Although this watercolour was executed in 1868, the dancing girls can first be seen in an oil of 1863 (Opus XVIII), entitled Pastimes of Ancient Egypt: How People enjoyed themselves 3,000 years ago. They appear as the principle source of entertainment at a reception held in honour of the Nubian ambassador by Phtames, a priest and scribe of the god Ptah at Memphis. The picture was shown first in Brussels, and then, after some repainting, at the Paris Salon of May 1864 where (under the title Pastimes of Ancient Egypt (18th Dynasty)) it secured Alma-Tadema the small gold medal and enhanced the reputation he had already established with The Education of the Children of Clovis (Opus XIV; sold in these Rooms on 25 March 1994, lot 84). Napoleon III was so taken with the painting that he offered to buy it for 3,000 francs, but Alma-Tadema refused saying that he thought it worth 4,000. The painting was subsequently amongst the first by Tadema to be bought by Ernest Gambart, who hung it in the gallery of his house at 62 Avenue Road, St. John's Wood. On 16 May 1866 disaster befell the Gambart household when a maid investigating a gas leak lit a match. Although the painting was severely damaged in the ensuing explosion, Alma-Tadema restored it and exhibited it at the Exposition Universelle in Paris in 1867, where it won the second class medal. Dr. Swanson suggests that it was while restoring this picture that Alma-Tadema began to experiment with its composition and painted a smaller replica, later dedicated to Andrew Gow, R.A., and now in the Auckland City Art Gallery, New Zealand (Fig. 1). Dr. Swanson points out that the figures of the two girls in the watercolour are more closely related to this second, later, version than to the original composition. Dr. Swanson also affirms that this was the first time the artist chose to repeat elements from an earlier composition in an independent, completed work, transposing the dancers from an interior into an open landscape setting.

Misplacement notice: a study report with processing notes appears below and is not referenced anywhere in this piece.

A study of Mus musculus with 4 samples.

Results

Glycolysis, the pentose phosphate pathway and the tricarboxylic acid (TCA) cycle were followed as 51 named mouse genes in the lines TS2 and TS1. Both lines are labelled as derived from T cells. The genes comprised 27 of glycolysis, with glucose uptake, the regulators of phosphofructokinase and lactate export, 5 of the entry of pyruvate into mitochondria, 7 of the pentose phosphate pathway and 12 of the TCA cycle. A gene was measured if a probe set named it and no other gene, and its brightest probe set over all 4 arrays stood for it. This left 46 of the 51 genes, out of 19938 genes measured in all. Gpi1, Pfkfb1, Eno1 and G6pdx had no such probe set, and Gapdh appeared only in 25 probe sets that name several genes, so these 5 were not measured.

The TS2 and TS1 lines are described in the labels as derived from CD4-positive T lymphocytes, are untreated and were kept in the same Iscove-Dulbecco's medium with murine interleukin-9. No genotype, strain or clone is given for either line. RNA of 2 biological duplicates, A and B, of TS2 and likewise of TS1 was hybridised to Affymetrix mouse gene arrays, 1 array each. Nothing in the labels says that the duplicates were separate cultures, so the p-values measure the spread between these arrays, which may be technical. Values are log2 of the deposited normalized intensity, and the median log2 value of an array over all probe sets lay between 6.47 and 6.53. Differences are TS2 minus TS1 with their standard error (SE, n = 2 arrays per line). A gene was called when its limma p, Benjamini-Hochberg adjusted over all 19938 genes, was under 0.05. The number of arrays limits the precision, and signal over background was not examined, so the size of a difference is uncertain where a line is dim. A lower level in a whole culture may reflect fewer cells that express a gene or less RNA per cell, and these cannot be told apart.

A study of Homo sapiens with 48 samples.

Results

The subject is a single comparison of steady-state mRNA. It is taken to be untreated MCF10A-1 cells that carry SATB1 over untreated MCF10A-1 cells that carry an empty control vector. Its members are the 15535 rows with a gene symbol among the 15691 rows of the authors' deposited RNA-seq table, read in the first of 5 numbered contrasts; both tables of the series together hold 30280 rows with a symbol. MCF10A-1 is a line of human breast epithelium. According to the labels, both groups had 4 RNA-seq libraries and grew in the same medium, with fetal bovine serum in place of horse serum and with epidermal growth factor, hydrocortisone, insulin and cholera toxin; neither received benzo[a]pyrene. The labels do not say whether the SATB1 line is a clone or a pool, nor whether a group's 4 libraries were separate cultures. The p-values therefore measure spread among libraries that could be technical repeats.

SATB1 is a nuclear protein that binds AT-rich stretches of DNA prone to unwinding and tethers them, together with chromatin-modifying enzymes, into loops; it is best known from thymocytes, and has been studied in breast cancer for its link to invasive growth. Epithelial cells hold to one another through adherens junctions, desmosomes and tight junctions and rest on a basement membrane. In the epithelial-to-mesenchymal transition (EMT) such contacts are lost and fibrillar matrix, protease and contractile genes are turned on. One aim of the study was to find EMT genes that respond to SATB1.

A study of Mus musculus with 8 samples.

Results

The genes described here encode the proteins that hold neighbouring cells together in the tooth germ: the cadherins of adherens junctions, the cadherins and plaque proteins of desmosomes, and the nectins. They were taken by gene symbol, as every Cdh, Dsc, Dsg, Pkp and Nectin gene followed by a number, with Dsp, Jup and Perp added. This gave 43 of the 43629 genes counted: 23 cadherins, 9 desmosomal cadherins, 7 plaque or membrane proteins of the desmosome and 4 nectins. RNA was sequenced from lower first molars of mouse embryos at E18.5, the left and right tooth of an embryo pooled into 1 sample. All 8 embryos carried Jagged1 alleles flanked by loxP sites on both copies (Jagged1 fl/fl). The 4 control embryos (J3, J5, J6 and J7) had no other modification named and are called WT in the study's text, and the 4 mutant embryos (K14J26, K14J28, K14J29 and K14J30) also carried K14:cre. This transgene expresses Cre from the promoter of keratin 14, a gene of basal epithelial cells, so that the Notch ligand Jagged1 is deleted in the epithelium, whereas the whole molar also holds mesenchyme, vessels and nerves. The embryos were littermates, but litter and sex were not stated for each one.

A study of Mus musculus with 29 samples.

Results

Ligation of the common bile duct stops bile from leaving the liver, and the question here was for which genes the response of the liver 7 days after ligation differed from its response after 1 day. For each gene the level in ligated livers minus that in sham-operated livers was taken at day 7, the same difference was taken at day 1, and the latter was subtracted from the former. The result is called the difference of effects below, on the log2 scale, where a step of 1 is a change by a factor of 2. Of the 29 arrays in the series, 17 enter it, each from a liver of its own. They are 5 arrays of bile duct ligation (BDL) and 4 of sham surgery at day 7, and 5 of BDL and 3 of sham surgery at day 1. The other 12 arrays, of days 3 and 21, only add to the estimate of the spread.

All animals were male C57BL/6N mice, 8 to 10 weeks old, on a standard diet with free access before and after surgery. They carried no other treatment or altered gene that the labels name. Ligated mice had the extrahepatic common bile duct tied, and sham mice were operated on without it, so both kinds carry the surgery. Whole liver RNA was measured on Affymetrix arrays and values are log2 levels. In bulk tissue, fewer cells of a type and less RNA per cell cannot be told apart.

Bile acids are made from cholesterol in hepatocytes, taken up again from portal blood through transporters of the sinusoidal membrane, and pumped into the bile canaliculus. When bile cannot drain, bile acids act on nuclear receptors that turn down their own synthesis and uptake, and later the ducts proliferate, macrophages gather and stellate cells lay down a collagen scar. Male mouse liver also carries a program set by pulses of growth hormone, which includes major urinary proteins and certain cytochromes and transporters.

Alma-Tadema's interest in Ancient Egypt predated his interest in Greek and Roman civilization and marked a move away from his early Merovingian subjects. According to Edmund Gosse: 'In 1858 Alma-Tadema painted the first of his studies in social apsects of antique civilizations; he had been studying with de Taeye the results of recent archeology and he resolved to reconstruct one of the scenes of Ancient Egyptian society' (Illustrated Biographies of Modern Artists I, part 4, 1883, p. 78.) These paintings were The Death of the First Born (The Sad Father) (Opus X) and The Dying Cleopatra (now destroyed), both executed in 1859.
Although Alma-Tadema did not visit Egypt until 1902 (a visit which resulted in one of his greatest works, The Finding of Moses, sold by Christie's in New York, 25 May 1995, lot 87, for the artist's record price), his concern for archaelogical accuracy in these early Egyptian works was paramount. For details and 'colour' he relied on Sir J. Gardner Wilkinson's The Manners and Customs of Ancient Egyptians (1837). It is also possible that the headdresses and jewellery worn by the dancing girls in our picture were copied from the Egyptian antiquities Alma-Tadema studied in the British Museum on his visit to London in 1862.
We are grateful to Dr. Vern Grosvenor Swanson of the Springville Museum of Art, Utah, for his help in preparing this entry. The work will be included in his forthcoming catalogue raisonné on Alma-Tadema's works on paper.